The current Group D leaders have now won five of their last eight fixtures, even taking a point off Belgium in a World Cup qualifier, though Croatia are a cut above the teams they beat over this period (Israel, Slovakia, Estonia, Albania and Scotland).
The 2018 World Cup finalists are enduring a difficult spell, but they retain some quality players and will expect to dominate possession here with a technically gifted midfield trio of Luka Modric, Mateo Kovacic and Marcelo Brozovic.
Croatia are a disappointing W4-D2-L8 since September 2020, as their only victories across their last 10 have come against Cyprus and Malta.
However, it’s worth noting that of those eight defeats, six were inflicted by either Belgium, England, France or Portugal. Excluding those elite sides, Croatia are a much better W8-D4-L2 since September 2019 and they’ll expect to take something from this encounter.
However, having led at the break in just three of the last 11 such outings, Croatia may have to be patient to exert authority over proceedings.
Indeed, the Czech Republic led at half-time at Hampden Park, meaning they’ve only gone in behind at the break once in eight appearances now.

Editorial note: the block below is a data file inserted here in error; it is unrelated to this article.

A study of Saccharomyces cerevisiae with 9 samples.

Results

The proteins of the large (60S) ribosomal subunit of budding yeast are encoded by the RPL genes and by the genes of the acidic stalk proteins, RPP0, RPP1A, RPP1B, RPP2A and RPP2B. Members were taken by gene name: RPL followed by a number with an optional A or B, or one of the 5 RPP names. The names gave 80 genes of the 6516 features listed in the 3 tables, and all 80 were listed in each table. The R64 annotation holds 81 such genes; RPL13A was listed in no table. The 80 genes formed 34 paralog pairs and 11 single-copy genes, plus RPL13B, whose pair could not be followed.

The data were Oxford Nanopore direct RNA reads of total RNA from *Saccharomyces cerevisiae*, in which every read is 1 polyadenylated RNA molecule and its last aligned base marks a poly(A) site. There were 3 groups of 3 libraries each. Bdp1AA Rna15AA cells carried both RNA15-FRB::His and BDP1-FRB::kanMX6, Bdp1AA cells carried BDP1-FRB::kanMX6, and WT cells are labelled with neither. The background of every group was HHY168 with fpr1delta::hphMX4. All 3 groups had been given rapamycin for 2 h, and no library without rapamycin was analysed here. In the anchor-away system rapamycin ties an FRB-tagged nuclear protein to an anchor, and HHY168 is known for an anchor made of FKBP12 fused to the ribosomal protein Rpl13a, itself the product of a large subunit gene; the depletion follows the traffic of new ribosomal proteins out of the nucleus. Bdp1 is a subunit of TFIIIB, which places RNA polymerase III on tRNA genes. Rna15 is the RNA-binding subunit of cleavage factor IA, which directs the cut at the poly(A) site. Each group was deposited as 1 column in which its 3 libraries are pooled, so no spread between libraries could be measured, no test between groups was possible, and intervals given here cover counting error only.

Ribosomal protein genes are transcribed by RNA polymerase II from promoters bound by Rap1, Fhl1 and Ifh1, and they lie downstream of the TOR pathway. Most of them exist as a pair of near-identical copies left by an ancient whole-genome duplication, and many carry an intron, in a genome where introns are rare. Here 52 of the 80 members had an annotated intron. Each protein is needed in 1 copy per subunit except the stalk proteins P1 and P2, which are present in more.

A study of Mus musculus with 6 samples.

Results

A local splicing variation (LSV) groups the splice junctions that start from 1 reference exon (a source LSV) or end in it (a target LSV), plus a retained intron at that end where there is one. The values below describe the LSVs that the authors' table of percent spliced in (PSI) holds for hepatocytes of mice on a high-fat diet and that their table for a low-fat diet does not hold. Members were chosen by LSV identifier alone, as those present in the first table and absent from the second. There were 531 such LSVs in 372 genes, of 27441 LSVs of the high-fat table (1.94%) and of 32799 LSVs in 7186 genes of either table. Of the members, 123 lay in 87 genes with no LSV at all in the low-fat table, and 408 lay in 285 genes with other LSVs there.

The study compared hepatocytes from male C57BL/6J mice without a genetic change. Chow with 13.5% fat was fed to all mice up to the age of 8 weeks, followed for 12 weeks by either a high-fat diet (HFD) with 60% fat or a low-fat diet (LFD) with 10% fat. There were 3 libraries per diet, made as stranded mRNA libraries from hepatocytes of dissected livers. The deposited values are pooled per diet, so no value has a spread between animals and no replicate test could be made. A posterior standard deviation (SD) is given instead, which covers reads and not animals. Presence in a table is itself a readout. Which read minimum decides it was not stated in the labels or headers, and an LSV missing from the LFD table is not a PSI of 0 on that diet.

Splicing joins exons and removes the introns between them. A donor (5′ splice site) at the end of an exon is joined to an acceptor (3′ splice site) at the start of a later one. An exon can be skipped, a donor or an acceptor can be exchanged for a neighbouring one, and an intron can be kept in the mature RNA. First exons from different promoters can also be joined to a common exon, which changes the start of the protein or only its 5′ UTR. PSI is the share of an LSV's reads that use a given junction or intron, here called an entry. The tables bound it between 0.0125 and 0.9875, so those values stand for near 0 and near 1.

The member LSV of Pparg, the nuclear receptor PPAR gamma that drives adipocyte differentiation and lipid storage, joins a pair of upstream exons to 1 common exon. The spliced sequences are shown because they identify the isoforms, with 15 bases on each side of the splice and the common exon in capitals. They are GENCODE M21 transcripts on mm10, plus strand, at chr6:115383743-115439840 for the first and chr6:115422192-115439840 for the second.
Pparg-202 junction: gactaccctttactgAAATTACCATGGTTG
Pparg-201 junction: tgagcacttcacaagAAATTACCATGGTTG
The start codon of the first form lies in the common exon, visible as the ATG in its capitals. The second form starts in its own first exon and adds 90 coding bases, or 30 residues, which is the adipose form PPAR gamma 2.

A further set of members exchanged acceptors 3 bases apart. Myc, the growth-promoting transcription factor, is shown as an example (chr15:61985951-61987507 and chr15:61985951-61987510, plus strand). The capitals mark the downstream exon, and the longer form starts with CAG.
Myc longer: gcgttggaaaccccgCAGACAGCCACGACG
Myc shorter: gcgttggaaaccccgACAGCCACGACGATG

This doesn’t look like a game that should provide too many goals either, especially given that neither side needs to push the boat out to far, as a point here and a win over Scotland in Croatia’s final game would all but send both through to the knockouts.
Seven of the Czech’s past 10 outings have seen fewer than three strikes, while the same has been true in five of Croatia’s past six, with four of these featuring exactly one successful effort.
Croatia -1 Handicap Draw
‘Unders’ looks a bit short here, but given we don’t expect the goals to flow, the half-time draw makes sense.
However, Croatia’s record against teams outside the elite would suggest they should pull through eventually, and the one-goal winning margin appeals. Only one of Croatia’s past 12 matches have been settled one way or the other by more than a single goal, a 3-0 win over Malta, while seven of the Czech Republic’s past eight defeats have come by a single strike, with the exception when visiting Italy.